Valentine’s Day Baby Names: A love letter to the letter V

February 14, 2013 Linda Rosenkrantz

Happy Valentine’s Day, dear Berries!

And beyond celebrating Valentine’s Day baby names, let’s get expansive and salute the whole wide-ranging rise of its initial letter, ‘V.’

If consonants can be said to have personalities, then it wasn’t so long ago that the letter V was seen as more venerable—even fusty– than vivacious. Velma, Vera and Verna; Vernon, Victor and Vincent, all made our original ‘So Far Out They’ll Always Be Out’ list.  But as Pam and I have learned all too well since then—never say the words never or always.

The changes have been gradual since we wrote that, but there were two celebrity events that had a significant effect on V-baby names:  the naming of Violet Affleck in 2005, and then of one of the JoliePitt twins Vivienne three years later.  Now there are a myriad of V-starting names popping both in and out of the celebrisphere.

Let’s start with the baby names honoring St. Valentine himself.  The lovely Valentina was chosen by Salma Hayek, Ricky Martin opted for the romantic Valentino for one of his twins, while Valentine itself, which has Shakespearean cred, is still waiting to be rediscovered. The Valentin form is popular in several cultures—it’s currently in the Top 40 in France and Austria.  The other Val name, Valerie, has been steadily popular since the 1940’s.

Even before the birth of Ms. Affleck, Violet was beginning to show signs of rebirth, returning to the Social Security list in 1998 after an extended fallow period.  By 2005 it had reached Number 371 and it’s now at a high 101—with an entry into the Top 100 a real lock for the next rankings.  Cousin Viola, despite her musical and Shakespearean assets, still hasn’t made it into the Top 1000.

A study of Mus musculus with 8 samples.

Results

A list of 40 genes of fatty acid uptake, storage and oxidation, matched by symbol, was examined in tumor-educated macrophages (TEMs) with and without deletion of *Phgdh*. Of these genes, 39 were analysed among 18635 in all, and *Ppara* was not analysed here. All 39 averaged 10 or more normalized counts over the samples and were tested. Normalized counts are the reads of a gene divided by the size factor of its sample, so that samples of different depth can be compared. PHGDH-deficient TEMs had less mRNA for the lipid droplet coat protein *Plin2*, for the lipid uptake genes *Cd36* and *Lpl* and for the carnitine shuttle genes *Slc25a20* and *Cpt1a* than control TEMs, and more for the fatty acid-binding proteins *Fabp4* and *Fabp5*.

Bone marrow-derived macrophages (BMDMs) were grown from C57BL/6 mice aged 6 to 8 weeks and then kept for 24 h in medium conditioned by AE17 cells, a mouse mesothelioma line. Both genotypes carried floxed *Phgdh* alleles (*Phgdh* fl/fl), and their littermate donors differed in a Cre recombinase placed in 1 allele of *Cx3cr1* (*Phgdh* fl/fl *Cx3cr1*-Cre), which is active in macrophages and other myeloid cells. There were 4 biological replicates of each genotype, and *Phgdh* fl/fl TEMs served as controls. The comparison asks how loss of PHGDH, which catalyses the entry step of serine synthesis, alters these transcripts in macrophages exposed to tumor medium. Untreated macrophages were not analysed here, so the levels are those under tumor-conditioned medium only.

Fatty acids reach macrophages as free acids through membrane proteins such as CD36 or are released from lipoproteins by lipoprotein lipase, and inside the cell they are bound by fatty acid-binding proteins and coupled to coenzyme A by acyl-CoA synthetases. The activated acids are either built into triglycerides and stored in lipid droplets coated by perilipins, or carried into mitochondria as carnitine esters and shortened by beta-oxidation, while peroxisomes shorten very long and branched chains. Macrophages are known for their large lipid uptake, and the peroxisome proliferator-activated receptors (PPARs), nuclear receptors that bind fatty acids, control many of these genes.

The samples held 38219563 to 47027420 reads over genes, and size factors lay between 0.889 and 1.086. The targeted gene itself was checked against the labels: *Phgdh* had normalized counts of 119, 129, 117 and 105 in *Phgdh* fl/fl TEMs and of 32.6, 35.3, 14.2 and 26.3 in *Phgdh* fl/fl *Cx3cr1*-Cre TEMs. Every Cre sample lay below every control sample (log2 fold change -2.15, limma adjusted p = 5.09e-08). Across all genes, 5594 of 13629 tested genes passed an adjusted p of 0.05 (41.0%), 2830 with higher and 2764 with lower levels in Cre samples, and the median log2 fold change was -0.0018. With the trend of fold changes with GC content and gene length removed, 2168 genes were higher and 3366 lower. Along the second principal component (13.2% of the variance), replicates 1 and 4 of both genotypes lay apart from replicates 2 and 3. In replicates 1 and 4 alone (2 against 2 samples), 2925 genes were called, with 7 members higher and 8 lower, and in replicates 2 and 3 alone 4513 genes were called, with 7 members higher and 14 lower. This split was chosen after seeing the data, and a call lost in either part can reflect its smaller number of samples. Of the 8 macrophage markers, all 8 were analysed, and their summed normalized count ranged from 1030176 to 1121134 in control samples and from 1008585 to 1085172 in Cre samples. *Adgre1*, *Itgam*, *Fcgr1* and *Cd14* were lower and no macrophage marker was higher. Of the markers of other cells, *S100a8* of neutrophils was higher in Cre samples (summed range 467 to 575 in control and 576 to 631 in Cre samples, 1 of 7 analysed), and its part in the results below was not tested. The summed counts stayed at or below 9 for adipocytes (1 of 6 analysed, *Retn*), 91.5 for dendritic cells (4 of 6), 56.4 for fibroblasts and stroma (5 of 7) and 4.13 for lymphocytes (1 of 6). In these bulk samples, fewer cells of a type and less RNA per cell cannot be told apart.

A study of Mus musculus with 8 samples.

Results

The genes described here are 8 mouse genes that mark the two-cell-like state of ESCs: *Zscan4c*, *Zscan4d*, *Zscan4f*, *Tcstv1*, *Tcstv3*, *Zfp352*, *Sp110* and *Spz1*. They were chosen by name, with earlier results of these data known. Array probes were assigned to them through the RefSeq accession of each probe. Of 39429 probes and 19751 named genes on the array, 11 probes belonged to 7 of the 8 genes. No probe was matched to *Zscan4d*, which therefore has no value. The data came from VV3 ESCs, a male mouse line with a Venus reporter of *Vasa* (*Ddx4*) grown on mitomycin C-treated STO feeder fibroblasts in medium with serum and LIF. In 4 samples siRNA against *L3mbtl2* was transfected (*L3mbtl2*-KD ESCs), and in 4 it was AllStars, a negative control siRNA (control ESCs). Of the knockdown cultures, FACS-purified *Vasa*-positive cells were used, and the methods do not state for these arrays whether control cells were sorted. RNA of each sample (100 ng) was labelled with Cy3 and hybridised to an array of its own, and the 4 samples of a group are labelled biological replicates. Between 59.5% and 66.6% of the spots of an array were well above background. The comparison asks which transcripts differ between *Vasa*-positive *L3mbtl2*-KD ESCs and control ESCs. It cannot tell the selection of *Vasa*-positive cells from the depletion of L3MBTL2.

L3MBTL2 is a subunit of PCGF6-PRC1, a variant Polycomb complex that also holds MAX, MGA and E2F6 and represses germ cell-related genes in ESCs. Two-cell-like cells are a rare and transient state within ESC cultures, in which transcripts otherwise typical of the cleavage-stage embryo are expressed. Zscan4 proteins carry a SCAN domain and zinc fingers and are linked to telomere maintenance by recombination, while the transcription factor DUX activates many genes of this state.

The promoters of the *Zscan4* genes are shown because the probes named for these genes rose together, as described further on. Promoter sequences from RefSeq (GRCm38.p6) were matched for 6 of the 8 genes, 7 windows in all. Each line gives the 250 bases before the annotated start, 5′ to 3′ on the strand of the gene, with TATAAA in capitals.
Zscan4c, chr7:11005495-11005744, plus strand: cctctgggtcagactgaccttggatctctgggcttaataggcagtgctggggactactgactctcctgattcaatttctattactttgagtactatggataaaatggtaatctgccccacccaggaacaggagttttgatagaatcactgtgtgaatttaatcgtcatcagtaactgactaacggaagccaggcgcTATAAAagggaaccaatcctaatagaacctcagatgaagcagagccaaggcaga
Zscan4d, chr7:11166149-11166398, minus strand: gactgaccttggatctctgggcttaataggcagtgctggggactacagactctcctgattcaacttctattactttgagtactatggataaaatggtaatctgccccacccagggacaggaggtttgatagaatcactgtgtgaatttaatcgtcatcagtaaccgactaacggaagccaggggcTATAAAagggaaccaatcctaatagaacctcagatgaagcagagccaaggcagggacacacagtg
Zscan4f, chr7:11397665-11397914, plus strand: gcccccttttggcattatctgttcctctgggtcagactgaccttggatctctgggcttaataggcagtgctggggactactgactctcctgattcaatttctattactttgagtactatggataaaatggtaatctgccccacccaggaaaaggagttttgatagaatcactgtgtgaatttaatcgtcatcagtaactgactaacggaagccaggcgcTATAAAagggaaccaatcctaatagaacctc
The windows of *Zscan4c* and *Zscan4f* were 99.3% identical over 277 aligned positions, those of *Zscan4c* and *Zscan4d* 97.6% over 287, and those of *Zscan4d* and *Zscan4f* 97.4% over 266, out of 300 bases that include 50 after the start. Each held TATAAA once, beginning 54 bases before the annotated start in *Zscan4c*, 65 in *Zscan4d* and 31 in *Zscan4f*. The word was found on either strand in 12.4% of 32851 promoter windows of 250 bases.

Virginia and Veronica are two semi-classics with lots of history—both saintly and secular.  They’ve been on a downward trajectory in the last few years, but I can see that trend reversing, especially with many parents seeking longer, more substantive names. Victoria, on the other hand, still maintains her Top 25 status, while long popular Vanessa has recently dropped out of the Top 100.

Vita means ‘life’ in Latin and several names with that meaning are coming back to –well—life.  Flight of the Conchords’ Bret McKenzie called his daughter Vita, Camila Alves and Matthew McConaughey used the Spanish Vida, and Rufus Wainwright went with VivaVivian, used by Gisele Bundchen and Tom Brady last year, is, along with the JoliePitt spelling Vivienne, having a major resurgence, Vivian now having climbed to Number 154. Viveca is the delicate Scandinavian version.

The letter V represents truth as well as life, and there are several options here too, beginning with the word name Verity, one of the most attractive and neglected of the Puritan Virtue names. Vera, which we so cavalierly dismissed back in the day, has jumped no less than 383 places in the past two years! Verena is a more unusual variant.

In addition to Verity, other word names beginning with V include the growing-in-popularity, spiritual Vesper, the unusual starbaby invention Verve, the luxurious Velvet and the French Vrai.

There are several appealing geographical V- names usable both in their English and native forms, among them Vienna, Verona, Valencia, and Venice/Venetia/Venezia.

Venus was brought down to earth by tennis star Williams and had a brief flare of popularity in the early 1980’s,now fading.

A couple of exotic imports: the unisex, somewhat avuncular Russian nickname name Vanya, and the model-related Vendela

That leaves three girls’ names that still might rate our original assessment: Valma, Velma and Vilma.

Now for a quick look at the boys, where there has been far less activity.

What’s happened to those three V-names on our earlier verboten list?  Vincent and Victor are doing just fine, thank you, both in the Top 150, with Vincent on the comeback trail, andthey also have some cool international variations—Vicente, Vincenzo, and Vittorio.

 Vernon hasn’t been doing as well—he’s been off the list since 2003.

Among those likely to succeed is another name that’s been off the list for awhile—since 1991, in fact–VirgilHe’s just the kind of ancient relic –the name of the greatest Roman poet—that cutting-edge namers might pick up on. The vigorous Scandinavian Viggo was taken out of the single-owner category when Taylor and Natalie Hanson used it for their son.  We’ve also heard some recent love for the Welsh surname Vaughn.

And a few other V-name possibilities for boys drawn from other cultures: Vito, Vadim, Vartan, Vasily, Vidal, Vijay and Vladimir.

What’s your favorite initial V name?